This overall lack of diversity means negative stereotypes can come into play when collaborations with black athletes are being discussed; for example, sneakers with shackles in 2012, or all-white Ultraboost Uncaged sneakers for Black History Month 2019 (both were eventually pulled). Whether such concepts make it past the drawing board or not, the fact that they are brought up at all has left black employees uncomfortable.

According to three employees in attendance, Zion Armstrong, president of adidas North America, acknowledged the company has a diversity problem at a meeting in 2018. However, months passed without any changes, which prompted an anonymous letter to circle campus, criticizing the new adidas diversity strategies or lack thereof.

Armstrong then declared that the company’s demographics reflect that of Portland, which is 77% white (the company itself is 78% white). Last year, only three of adidas’ 340 vice presidents around the world were black; one has since left. He also stated that black employees were not being promoted simply because there weren’t any who were ready for promotion.

Stacey Marsh, a spokesperson for adidas, did not dispute these figures when speaking with the Times, and declined to comment on the demographics at adidas headquarters. Instead, she explained that 55% of the company’s employees, including those working in retail stores, are people of color.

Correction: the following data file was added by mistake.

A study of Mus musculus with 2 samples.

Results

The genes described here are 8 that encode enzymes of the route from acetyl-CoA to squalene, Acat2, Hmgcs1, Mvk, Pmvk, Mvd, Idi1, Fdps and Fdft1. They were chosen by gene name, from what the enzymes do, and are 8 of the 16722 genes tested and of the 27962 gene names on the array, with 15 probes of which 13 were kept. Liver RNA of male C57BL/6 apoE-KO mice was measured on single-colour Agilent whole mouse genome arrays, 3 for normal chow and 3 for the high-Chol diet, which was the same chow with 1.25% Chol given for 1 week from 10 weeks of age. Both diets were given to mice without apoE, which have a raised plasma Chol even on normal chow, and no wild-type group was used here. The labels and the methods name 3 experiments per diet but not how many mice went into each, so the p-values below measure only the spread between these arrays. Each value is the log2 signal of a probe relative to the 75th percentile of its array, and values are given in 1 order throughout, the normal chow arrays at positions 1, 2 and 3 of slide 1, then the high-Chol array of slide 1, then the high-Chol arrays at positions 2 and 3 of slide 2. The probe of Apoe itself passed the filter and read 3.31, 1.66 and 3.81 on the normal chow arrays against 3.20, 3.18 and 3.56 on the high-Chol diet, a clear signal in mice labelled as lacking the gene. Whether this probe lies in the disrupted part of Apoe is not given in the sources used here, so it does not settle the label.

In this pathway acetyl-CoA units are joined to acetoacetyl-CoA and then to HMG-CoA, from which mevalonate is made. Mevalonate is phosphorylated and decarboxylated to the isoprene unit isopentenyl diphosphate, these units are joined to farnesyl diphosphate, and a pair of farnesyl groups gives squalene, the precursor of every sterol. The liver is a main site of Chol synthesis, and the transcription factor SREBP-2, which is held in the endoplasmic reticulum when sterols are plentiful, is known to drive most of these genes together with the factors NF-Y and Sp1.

In a statement to Highsnobiety, adidas said,

“We are committed to fostering a respectful, equitable, and inclusive environment for all adidas employees around the world. It’s crucial that we have and support a diverse workforce that represents a variety of ideas, strengths, interests and backgrounds and that we promote an open culture where all of our people can fully contribute. We value all of our employees, are stronger because of their unique perspectives and are dedicated to achieving greater diversity at every level of the company.

We actively evaluate and seek to strengthen our programs and policies to ensure we are recruiting, retaining, and advancing a diverse team. Recently, we have expanded our Diversity and Inclusion team in North America to focus on underrepresented communities in our workforce across the talent lifecycle; and we conduct ongoing workplace inclusion education and training for employees across North America. Our North American diversity strategy also includes programs to help bring new employees from diverse backgrounds to positions at the company’s corporate headquarters. While we have made progress in these areas, we recognize there is much more to be done, and we are committed to doing it.”

Read the full story from New York Times.